Six more local organizations will receive training through Louisville’s Trauma Resilient Community project
Additional backbone agencies will be trained to promote healing and recovery in west and south Louisville communities.
LOUISVILLE, Ky. -- Six more community partners are receiving training in the Trauma Resilient Community (TRC) Model to promote resilience and equity for Louisville families and young people most affected by race-based trauma, community violence, and civil unrest in west and south Louisville.
As a part of this project funded by the Substance Abuse and Mental Health Services Administration’s (SAMHSA) Resiliency in Communities After Stress and Trauma (ReCAST) Grant, six agencies were selected to receive training and support to implement the Trauma Resilient Community (TRC) Model within their agencies. The agencies joining the project are Backside Learning Center, Boys & Girls Haven, Change Today Change Tomorrow, Hope Collaborative, La Casita Center, and Survivor’s Corner.
The Trauma Resilient Community Project, led by Metro’s Office for Safe and Healthy Neighborhoods (OSHN), uses a community-based approach to build a trauma-informed system of care to better serve children and families affected by trauma. This training will help develop the knowledge and skills of
people who respond to, make referrals, and provide services to some of the city’s most vulnerable residents.
“It's important that our community partners can understand, recognize, and respond to the effects of trauma within a culture that promotes empowerment, safety, and healing for residents,” said OSHN Director Monique Williams. “As a city, we are in desperate need of healing from many recent traumatic events over this past year, so we are excited and grateful to partner with these six new agencies that will be a part of that healing process for many of the children and families across our city.”
Backbone agencies are key community partners selected to participate in the training based on their ability to demonstrate commitment, collaboration, and partnership in implementing the TRC Model within their agencies, and ultimately, the community. This project’s overarching goal is to build trauma-responsive organizations equipped to manage the detrimental effects often experienced by those who provide care to individuals who have experienced serious trauma. Many of these professionals themselves experience compassion fatigue, vicarious trauma, secondary traumatic stress, and burnout.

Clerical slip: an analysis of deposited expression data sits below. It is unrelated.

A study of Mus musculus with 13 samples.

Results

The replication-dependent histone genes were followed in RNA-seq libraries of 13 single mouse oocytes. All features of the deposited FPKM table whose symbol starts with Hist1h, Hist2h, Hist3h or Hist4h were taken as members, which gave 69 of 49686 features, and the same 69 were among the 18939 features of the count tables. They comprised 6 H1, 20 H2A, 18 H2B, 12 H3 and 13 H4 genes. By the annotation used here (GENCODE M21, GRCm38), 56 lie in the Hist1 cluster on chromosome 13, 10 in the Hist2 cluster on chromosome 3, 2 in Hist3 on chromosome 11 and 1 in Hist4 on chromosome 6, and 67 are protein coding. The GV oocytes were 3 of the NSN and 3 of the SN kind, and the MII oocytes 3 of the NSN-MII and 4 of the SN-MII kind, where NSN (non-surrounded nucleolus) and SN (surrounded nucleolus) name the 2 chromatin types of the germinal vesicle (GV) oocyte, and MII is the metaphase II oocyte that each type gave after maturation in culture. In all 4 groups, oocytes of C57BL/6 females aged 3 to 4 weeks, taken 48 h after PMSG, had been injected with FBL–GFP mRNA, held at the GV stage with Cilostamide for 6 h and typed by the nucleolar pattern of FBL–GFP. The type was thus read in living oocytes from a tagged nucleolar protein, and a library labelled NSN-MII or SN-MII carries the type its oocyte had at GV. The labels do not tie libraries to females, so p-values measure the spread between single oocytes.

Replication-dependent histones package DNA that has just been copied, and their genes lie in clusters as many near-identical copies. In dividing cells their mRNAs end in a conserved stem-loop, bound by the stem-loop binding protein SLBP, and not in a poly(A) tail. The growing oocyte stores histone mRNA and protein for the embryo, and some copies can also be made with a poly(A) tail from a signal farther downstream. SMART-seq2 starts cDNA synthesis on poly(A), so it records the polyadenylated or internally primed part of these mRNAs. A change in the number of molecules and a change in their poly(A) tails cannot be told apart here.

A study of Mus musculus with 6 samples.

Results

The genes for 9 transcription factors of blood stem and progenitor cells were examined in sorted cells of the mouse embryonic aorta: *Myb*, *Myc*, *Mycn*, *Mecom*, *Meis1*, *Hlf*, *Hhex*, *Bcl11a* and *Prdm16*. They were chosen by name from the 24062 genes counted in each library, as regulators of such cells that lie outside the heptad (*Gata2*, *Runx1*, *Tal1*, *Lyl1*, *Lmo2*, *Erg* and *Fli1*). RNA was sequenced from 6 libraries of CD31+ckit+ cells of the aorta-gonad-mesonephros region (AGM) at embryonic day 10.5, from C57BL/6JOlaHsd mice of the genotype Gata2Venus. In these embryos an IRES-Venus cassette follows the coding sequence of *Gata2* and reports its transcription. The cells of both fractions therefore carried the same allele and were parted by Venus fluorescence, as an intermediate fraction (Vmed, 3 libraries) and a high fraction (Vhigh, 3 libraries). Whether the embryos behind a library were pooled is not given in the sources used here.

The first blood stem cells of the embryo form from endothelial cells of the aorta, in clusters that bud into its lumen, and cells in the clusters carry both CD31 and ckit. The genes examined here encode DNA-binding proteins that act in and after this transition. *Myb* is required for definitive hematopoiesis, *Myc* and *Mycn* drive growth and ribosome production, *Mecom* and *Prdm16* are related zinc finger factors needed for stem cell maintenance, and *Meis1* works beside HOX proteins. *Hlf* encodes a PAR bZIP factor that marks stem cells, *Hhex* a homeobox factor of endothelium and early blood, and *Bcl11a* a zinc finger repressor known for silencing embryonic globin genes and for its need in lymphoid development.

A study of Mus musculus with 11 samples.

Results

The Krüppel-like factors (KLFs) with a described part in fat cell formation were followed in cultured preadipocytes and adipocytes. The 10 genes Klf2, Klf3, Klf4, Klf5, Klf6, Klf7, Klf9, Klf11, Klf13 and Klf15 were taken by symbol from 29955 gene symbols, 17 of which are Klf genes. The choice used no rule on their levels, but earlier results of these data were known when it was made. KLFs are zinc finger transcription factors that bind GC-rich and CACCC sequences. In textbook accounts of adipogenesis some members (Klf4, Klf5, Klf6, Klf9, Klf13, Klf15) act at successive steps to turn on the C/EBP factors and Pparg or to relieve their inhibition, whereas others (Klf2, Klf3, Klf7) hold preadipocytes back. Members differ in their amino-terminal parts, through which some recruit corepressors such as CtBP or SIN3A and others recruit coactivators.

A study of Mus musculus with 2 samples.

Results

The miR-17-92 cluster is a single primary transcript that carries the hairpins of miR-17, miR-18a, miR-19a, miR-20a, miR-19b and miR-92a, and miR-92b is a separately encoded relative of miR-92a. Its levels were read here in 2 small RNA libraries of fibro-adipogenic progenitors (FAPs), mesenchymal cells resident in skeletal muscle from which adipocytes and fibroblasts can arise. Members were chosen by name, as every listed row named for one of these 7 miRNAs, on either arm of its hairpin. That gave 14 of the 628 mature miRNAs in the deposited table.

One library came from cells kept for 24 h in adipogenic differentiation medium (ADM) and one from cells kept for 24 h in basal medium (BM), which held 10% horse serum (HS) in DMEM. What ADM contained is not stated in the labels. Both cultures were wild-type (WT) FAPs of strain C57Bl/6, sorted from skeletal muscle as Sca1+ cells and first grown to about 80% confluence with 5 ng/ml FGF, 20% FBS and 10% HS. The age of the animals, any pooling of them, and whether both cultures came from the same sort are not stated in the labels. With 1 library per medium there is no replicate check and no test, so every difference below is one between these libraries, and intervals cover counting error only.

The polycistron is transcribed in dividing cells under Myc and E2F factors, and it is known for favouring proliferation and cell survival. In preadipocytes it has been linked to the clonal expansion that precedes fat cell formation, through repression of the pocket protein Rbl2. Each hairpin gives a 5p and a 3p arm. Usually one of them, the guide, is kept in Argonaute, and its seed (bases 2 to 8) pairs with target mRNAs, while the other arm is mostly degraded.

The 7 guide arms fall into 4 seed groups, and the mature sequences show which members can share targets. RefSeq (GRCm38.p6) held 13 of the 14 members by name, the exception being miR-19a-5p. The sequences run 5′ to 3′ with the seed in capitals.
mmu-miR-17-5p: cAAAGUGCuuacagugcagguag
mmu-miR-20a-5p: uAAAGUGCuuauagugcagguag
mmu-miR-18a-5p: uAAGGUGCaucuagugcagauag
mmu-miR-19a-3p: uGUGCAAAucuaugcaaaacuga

Hope Collaborative Executive Director and Chief Empowerment Officer Marita Willis said she is thrilled to be one of the six agencies selected for training with the Louisville TRC Project to enhance their mission “to bring hope, unity, and healing to our community.”
“Every day we (Hope Collaborative) serve people that are living with trauma in their lives from Adverse Childhood Experiences (ACEs), violence, war, poverty, and a variety of other atrocities faced by immigrants and refugees including the process of resettlement in a new country; and the current traumas of living through a worldwide pandemic and dealing with systemic racism in our country,” Willis said. “As a backbone agency of the TRC Project, our entire staff will receive valuable education and training that will allow us to better spread hope to our community through the trauma-informed programs and services we offer.”
Over the next three years, the Louisville TRC Project’s backbone agencies will work with OSHN’s private-sector partner, the Center for Trauma Resilient Communities (CTRC), to customize an approach for each agency to move from understanding basic trauma theory to becoming a trauma-resilient organization. CTRC also provides workforce development by helping the “helpers” mitigate chronic stress and secondary trauma, building resilience and supporting leaders to implement structures for safety, self-care, and wellness.
In 2019, the Louisville TRC Project selected 12 backbone agencies, but due to COVID-19 furloughs and lack of capacity, some transitioned off the project. In October 2020, the project led another round of applications, and six were selected to join. Currently, the Louisville TRC Project has 32 certified trainers and hopes to add 30 more through this new round of backbone agencies.
The Louisville TRC Project has additional components, including a Clinical Team, housed within Seven Counties Services, Youth Mental Health First Aid Training (psychoeducation program) managed by OSHN, and the Research and Evaluation Team led by the University of Louisville’s Kent School of Social Work. SAMHSA’s federal grant was first announced in 2018 by Mayor Greg Fischer and officials with the University of Louisville’s Kent School of Social Work and Seven Counties Services (formerly Centerstone).